Despite losing 12 players to the 2016 NFL Draft in May, Ohio State jumped out to a surprisingly dominant start this season. The Buckeyes strung together six consecutive wins, and ranked second in the AP Top 25 at one point.
The majority of that success was credited to veteran quarterback J.T. Barrett.
But, the month of October, which included the team’s first loss of the year, was much more arduous for Ohio State. And the lack of success appears to be at least marginally because of Barrett’s pedestrian performances.
The Buckeyes passing attack behind Barrett has severely lacked its big play potential in the past four games. The 6-foot-2, 222-pound junior averaged just 6.66 yards per attempt in October and, as CFB Film Room displays in the tweet below, completed just 17.6 percent of his passes 20-plus yards downfield.
What's wrong with J.T. Barrett? pic.twitter.com/XrNfUBUP4P
— CFB Film Room (@CFBFilmRoom) November 4, 2016
In addition, Barrett is competing below 50 percent of his passes while under pressure and in the Red Zone.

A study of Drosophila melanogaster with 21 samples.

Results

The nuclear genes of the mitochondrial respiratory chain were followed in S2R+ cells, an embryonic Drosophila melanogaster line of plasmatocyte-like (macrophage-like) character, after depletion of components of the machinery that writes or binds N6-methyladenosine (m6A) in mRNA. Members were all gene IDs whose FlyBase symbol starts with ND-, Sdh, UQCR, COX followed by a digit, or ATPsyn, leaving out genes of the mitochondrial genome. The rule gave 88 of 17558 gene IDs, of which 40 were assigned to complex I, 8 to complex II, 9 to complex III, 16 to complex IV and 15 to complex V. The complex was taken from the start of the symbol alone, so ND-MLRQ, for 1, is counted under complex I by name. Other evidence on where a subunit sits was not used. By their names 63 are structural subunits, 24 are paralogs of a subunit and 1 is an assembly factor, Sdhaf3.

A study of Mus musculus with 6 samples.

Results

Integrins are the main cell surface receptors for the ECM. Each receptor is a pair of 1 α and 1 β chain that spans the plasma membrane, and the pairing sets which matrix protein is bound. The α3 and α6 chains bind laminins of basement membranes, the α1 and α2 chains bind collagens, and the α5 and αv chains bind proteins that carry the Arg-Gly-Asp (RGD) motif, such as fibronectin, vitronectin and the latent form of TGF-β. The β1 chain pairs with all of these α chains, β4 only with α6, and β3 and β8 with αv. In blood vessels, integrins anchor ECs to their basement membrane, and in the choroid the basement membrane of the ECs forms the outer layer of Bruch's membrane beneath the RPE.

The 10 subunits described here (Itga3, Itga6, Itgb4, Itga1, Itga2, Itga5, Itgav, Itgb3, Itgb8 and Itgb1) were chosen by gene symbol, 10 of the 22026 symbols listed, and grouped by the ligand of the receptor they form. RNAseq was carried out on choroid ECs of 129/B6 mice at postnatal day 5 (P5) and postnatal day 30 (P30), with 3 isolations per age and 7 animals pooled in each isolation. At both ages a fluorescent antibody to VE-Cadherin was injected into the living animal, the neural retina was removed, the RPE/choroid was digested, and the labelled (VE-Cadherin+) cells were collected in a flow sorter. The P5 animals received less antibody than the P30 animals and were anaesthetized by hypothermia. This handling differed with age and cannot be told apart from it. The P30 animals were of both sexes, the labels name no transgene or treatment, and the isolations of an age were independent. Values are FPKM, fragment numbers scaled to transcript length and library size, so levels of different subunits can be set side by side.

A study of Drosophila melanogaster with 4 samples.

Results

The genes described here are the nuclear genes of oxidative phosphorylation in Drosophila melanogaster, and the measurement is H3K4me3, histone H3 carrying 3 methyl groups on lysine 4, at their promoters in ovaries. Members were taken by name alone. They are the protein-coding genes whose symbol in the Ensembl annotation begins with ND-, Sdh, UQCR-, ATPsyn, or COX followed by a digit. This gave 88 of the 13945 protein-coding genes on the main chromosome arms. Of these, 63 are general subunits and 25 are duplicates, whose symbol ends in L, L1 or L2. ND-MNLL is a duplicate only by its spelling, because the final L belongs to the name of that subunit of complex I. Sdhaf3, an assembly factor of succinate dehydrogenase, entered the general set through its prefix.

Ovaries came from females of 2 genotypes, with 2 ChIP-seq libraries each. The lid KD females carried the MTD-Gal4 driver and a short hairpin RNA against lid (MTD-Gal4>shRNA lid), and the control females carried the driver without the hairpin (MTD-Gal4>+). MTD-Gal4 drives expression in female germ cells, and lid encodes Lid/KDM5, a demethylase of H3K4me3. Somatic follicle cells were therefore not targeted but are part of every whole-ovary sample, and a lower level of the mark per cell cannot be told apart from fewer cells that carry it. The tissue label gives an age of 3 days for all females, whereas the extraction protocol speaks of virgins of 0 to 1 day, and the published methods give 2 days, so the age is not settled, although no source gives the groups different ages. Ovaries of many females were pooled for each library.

ESPN Stats & Info wrote that one reason for why Ohio State looked out of sync in its 24-20 win over Northwestern last week was due to its vertical passing threat being nonexistent.
“The average air yards on Barrett’s passes the past two weeks is 6.0 yards, nearly 5 shorter than his average the first six games of the season.
Barrett has thrown 7 percent of his passes 20 or more yards downfield the past two weeks, tied with TCU’s Kenny Hill for the lowest rate in the Power 5 over that span. The Power 5 average is 16 percent.”
Added together, it has made Ohio State look like a far more manageable opponent than what it appeared like earlier in the year. Ohio State has played three consecutive games decided by seven points or less, including a 24-21 loss to Penn State on Oct. 23.
The Buckeyes welcome No. 10 Nebraska to The Horseshoe this Saturday.